INDIANAPOLIS — The pandemic shutdown has put extra stress on people battling substance abuse, and as a result, naloxone usage is at an all-time high in the state.
The drug is used to reverse an opioid overdose. State health officials are seeing an increase in Emergency Medical Service (EMS) calls. In 2019, less than 1% of EMS calls involved the usage of naloxone, but year to date that number is up to 1.5%. In fact, April saw the largest one-month distribution of naloxone to patients ever.
“We know that naloxone is often the only tool that provides individuals with opiate use disorder another chance at recovery,” explains Dr. Jennifer Sullivan, secretary of Indiana Family and Social Services.
So far in 2020, Naloxone has been used more than a thousand times in Marion County. Recovery advocates say the pressures of job loss and stay-at-home orders may be hurting people in recovery. With state-imposed limitations on social gatherings, it has forced recovery organizations to get creative. Justin Phillips, founder of Overdose Lifeline, says Zoom meetings have been successful for substance abuse recovery groups and their patients, but she admits some people need that face-to-face interaction.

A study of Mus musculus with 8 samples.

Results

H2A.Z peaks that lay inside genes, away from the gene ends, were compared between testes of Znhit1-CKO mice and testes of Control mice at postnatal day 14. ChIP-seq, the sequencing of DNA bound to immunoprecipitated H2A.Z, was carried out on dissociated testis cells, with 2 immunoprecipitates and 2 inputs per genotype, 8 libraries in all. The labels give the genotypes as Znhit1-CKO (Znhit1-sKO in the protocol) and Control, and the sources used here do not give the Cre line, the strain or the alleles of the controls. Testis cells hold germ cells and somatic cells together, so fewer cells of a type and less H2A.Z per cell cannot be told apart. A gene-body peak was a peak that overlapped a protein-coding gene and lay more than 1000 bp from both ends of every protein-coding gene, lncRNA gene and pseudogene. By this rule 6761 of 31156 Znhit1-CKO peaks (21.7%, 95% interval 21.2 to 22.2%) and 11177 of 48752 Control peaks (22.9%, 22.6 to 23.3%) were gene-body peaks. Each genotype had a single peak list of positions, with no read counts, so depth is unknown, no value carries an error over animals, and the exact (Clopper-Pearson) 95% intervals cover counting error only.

“It’s really about neural pathways in the brain, and if I don’t have those new behaviors, those new patterns to deal with a stressful situation, I revert to my old patterns,” details Phillips.
The state is giving Overdose Lifeline $1 million to distribute 25,000 naloxone kits to people in need.
“From February until probably like two weeks ago, we had sent out across the state 300 plus overdose reversal kits to various people and entities,” says Phillips.
If you or a family member is in need of naloxone, you can email Overdose Lifeline, or head to their website and fill out a request form here.